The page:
LEXINGTON, Va. (WDBJ) — While nearly everything was locked down by COVID last year, some things continued, like the arrival of artifacts at museums and archives such as the George C. Marshall Foundation in Lexington. Now they can finally catch up on the tricky editing and cataloging.
One such item is a 100-year-old photo album, much like the one you might find in Grandma’s attic, but containing a very different type of photos.
“Yeah, so I’m, like, the first person to, like, look at this picture because it’s just, like, been locked in a closet for a hundred years now, basically,” VMI Cadet Garrett DeFazio said.
He interned at the Marshall Foundation, where he digitized photos recorded by an Army officer of his experiences during World War I.
“When these photos were taken during World War I, it was the first time the U.S. military sent photographers to take pictures and document the fighting and what the soldiers were going through,” DeFazio explained.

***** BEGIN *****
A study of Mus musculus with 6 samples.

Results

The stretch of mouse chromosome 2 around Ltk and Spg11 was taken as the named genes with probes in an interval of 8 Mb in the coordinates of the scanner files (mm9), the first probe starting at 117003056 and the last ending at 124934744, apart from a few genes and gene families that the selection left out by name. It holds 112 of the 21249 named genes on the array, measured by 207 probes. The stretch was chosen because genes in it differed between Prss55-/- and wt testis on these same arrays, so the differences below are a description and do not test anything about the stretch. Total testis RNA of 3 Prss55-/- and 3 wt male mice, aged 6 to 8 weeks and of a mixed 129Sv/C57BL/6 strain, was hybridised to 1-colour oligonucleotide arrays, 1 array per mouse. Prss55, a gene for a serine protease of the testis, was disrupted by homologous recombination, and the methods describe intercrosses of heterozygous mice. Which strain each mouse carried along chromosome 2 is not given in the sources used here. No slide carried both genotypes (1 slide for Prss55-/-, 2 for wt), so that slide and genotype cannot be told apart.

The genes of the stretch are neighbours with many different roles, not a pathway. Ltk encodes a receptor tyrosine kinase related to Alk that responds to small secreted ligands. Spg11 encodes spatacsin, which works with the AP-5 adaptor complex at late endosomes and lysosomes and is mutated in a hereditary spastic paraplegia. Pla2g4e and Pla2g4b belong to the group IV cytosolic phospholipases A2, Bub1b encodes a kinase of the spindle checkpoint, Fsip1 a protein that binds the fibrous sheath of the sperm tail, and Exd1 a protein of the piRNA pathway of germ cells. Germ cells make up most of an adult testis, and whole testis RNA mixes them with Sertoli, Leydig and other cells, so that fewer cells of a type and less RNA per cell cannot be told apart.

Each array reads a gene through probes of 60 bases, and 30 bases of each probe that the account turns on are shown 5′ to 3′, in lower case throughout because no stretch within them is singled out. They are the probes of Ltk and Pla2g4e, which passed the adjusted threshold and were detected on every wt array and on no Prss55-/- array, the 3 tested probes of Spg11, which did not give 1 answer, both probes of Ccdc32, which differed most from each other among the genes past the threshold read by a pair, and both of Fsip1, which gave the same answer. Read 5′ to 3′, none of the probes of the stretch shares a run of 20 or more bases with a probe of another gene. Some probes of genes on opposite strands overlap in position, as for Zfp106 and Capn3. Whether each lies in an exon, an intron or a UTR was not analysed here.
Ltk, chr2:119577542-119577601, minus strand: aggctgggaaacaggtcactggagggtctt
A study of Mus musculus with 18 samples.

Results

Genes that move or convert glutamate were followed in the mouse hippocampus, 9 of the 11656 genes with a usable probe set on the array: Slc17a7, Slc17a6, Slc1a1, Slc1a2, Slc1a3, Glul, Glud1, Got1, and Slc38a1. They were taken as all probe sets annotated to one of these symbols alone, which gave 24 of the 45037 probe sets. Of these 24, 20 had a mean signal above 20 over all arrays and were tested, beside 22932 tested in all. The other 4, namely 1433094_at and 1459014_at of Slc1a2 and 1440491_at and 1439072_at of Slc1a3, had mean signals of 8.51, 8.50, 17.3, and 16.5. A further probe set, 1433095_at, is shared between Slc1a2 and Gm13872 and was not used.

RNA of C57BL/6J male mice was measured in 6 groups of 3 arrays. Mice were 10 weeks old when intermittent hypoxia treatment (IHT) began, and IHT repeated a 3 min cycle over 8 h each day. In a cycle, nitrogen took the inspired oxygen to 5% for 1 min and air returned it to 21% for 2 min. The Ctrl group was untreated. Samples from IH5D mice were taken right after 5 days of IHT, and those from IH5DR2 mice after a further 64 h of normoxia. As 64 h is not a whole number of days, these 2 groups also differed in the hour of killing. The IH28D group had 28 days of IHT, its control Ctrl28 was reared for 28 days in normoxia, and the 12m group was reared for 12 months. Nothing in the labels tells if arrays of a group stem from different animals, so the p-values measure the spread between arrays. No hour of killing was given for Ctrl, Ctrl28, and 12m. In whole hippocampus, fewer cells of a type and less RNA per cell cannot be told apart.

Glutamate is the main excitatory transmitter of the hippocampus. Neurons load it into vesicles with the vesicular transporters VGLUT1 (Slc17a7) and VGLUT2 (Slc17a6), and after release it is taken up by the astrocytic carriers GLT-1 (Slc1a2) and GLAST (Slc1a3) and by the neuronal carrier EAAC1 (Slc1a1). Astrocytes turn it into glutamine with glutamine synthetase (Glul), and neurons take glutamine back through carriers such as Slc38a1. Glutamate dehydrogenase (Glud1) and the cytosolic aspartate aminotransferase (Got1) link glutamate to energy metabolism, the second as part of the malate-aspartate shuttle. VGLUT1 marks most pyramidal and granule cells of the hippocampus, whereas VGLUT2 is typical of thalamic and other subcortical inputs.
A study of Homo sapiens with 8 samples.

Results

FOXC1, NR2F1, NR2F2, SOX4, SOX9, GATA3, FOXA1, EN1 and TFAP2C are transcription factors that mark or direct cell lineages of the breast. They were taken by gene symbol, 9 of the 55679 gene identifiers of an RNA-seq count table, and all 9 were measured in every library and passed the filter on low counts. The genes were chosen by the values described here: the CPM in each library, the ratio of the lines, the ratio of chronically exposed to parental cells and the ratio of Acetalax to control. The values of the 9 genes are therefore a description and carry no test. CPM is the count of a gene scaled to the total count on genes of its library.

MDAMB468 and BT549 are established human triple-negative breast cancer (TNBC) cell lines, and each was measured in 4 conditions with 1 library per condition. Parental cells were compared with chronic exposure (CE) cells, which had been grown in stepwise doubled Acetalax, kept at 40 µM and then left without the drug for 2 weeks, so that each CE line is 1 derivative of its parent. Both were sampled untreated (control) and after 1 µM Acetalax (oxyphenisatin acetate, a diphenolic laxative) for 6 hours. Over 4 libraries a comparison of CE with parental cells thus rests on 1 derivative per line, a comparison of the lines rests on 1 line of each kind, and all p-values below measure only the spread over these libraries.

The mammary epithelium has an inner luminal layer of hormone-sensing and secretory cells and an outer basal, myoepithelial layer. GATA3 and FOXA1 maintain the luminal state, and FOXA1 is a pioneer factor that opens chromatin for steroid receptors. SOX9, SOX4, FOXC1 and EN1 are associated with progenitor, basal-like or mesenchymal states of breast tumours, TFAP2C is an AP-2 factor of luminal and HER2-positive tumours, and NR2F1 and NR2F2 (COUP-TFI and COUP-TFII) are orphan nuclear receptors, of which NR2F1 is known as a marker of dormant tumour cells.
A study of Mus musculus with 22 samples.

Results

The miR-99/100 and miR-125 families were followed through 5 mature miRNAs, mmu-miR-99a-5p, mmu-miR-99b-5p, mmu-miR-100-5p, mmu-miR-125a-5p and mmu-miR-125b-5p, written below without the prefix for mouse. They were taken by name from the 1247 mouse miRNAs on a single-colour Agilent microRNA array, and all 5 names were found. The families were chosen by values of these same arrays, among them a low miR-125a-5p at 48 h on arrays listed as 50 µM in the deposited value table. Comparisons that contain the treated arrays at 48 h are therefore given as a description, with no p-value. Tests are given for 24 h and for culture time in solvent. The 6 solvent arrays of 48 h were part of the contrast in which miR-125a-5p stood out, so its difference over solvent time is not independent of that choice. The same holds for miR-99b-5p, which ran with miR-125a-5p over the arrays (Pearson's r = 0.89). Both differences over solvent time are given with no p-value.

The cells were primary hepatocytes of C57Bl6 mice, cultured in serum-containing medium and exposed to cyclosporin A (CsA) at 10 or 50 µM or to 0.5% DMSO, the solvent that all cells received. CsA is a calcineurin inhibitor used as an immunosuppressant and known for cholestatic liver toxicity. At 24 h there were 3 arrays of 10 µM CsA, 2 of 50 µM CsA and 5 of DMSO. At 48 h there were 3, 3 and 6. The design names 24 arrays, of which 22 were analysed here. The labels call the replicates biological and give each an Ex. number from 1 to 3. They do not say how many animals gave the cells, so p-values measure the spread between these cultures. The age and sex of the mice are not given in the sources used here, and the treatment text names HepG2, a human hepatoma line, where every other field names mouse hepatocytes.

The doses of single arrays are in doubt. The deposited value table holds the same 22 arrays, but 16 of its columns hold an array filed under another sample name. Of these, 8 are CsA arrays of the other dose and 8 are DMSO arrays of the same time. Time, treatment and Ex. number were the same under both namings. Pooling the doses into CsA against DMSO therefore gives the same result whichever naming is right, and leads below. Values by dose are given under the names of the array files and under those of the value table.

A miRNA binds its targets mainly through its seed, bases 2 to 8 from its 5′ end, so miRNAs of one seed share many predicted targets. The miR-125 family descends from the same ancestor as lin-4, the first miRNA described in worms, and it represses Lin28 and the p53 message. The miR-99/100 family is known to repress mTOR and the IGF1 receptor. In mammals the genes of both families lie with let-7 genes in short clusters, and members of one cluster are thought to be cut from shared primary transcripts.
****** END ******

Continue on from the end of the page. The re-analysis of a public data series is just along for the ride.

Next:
“Interaction with primary sources is really the key to a strong and rigorous undergraduate education in the field of history,” said Col. Bradley Coleman, director of the Adams Center.
Cadet DeFazio’s internship is part of a program funded by VMI’s Adams Center, helping the Marshall Foundation clear some of the backlog of digitizing and cataloging items that happened last year during the COVID lockdown .
“Relationships matter,” Coleman said. “And by placing students in professional environments, we build relationships that will last a lifetime.”
And it has the advantage of allowing moments of personal indulgence.
“I have a few favorite photos that I like to look at,” DeFazio said as he flipped through the album. “This one is on the last page. It was taken in 1918, on September 26.
Just before the end of the war, the war they thought would end all wars.
“And it’s kind of cool to look at that picture and put yourself in their shoes thinking it’s over after that,” DeFazio said. “Once this war is over, we won’t see another one. It will be, you know, peace for eternity.
A haunting lesson for someone considering commissioning upon graduation.